My History With Running


When I first started running, it was only for half an hour at a time, done on the treadmill at the YMCA. It was as bad as it sounds (nothing against the YMCA), running is challenging especially when you are just starting and the treadmill is not much fun either. After a summer of the treadmill, I graduated to running outside year round. I wouldn’t go further than 10km at a time, and only ran a few days each week, maybe 3 max. I was super into group fitness classes at the time like spinning, Body Pump, and other Les Mills offerings at the Goodlife Fitness in Guelph, Ontario.

Anyway, for most of my running career, I only ran a few times a week. These runs were always pretty simplistic in nature and solely based on distance. I would often run home from work, which would be a 10km route and complete that 3 times a week. Once in a while, I would complete a Sunday long run of 16km, but that was as long as it got. I didn’t do speedwork. Every run was seeing how fast I could go for that 10km. 

When I was moving from Toronto to British Columbia, I had a month off between finishing work and the cross-country drive. I started running everyday because I had extra time and extra energy from not working 45-50 hours at the restaurant every week. I remember feeling great and setting the goal for myself to run 100 miles that month and I did. This was a pretty significant mileage increase and I was also lifting relatively heavy weights at the time, multiple days each week (not doing that anymore!).

I arrived in Victoria at the beginning of June and had the goal of achieving a PB at The Seawheeze Half-Marathon, I was looking to beat my previous PB of 1:45, which I had done with minimal training. Seriously, 2 weeks before the event my dad reminded me we had signed up and I went for 1 long run and some shorter ones and that was that. Yes, I was running every week, but like I said, no speed work and minimal long runs. 

Given I had commited to TRAINING for the Seawheeze, I had visions of a super fast time. This was the first race I completed where I was incredibly disappointed with the result. I finished at 1:50:29 and was pretty upset. I continued training and did the Goodlife Victoria Half-Marathon that October, finishing in 1:47. I was happier with this result, but still unsatisfied.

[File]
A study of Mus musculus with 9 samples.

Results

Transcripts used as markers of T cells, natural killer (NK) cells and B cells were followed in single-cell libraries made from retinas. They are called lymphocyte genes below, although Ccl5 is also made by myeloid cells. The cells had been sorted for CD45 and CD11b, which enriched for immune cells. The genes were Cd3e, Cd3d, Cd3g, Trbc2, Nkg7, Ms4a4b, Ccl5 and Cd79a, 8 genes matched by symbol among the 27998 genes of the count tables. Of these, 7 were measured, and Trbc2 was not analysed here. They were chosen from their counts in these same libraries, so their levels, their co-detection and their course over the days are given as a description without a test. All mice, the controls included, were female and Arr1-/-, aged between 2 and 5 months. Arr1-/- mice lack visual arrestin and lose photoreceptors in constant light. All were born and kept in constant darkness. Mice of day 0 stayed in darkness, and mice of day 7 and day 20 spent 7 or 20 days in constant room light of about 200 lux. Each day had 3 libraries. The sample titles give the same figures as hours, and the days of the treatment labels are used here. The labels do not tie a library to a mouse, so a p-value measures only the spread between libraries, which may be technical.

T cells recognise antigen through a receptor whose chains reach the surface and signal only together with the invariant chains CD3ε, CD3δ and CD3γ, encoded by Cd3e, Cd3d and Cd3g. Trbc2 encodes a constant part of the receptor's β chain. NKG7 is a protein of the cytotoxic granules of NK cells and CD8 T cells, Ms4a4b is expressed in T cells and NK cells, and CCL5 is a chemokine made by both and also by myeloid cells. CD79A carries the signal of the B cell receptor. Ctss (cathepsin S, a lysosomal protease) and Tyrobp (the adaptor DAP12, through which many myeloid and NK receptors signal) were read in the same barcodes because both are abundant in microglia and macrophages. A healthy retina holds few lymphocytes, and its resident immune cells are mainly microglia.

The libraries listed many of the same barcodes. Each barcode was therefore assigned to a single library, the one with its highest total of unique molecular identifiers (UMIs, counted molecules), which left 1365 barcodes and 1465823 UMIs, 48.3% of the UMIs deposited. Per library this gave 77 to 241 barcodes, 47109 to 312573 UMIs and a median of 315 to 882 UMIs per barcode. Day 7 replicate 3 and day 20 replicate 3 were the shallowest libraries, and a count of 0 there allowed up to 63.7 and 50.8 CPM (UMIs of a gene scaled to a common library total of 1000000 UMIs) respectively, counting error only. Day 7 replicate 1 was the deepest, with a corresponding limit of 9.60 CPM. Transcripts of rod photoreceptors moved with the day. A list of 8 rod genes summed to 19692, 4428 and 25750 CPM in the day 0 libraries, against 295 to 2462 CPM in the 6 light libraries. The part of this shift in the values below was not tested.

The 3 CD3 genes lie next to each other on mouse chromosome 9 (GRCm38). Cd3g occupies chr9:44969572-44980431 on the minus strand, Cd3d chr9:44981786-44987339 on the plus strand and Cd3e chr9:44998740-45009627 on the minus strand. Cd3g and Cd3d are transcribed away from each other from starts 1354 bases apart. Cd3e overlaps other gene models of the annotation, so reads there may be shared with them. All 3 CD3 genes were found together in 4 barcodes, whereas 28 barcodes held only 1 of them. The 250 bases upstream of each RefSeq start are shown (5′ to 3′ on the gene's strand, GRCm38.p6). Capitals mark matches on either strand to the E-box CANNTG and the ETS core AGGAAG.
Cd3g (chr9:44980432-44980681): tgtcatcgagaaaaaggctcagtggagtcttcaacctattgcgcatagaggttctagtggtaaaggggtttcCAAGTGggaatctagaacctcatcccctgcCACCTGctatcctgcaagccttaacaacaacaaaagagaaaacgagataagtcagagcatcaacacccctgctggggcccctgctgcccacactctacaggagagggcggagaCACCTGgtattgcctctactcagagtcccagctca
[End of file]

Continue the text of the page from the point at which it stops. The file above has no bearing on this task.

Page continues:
It was definitely time to make a change in pursuit of becoming a better runner and also to achieve the results I wanted. A few weeks later, I was job shopping and instead came across a course at The Pacific Institute of Sports Excellence called Run Training With Marilyn. It advertised real time feedback from an elite runner. When I researched her, I was not only impressed by how speedy she was, but by her dedication to proper form and injury free running. I decided to register for the program. We were first asked to complete a survey describing how often we ran, and on what kind of surface, weekly mileage, PB’s, goals, and even nutrition. It was a great way to access where we were starting and where we wanted to go. I wrote that it was my goal to run The Boston Marathon, that hasn’t changed.

The program included Marilyn creating our weekly run schedules, this was exciting and new for me. Previous to this, I either “winged it” or if I was training for a specific event, my dad would create a schedule for me. The first week was all short runs at a very slow pace, I remember thinking it was strange and even challenging to run THAT slow. I was asked to run at a 6:00/km pace or even slower. I was confused by this, it seemed way too easy. I still followed the schedule and did those slow freaking runs. What I know now is, this was an assessment which transitioned into increasing frequency of running, albeit still at a slow pace.

In January, it will have been 2 years since I participated in Run Training With Marilyn. I am still training with Marilyn, and haven’t looked back. Upon her advice, I focused on increasing fitness and mileage for many months before I began training for my first marathon, completed last month. I narrowly missed a Boston Qualifying time, technically it was only seconds, but to guarantee your spot you need MINUTES faster than the qualifying standard for you age. My goal is to take 3-5 minutes off my marathon time and BQ at the Eugene Marathon in May 2017.

Stay tuned later in the week when I reveal 7 important lessons I have learned that dramatically improved my running!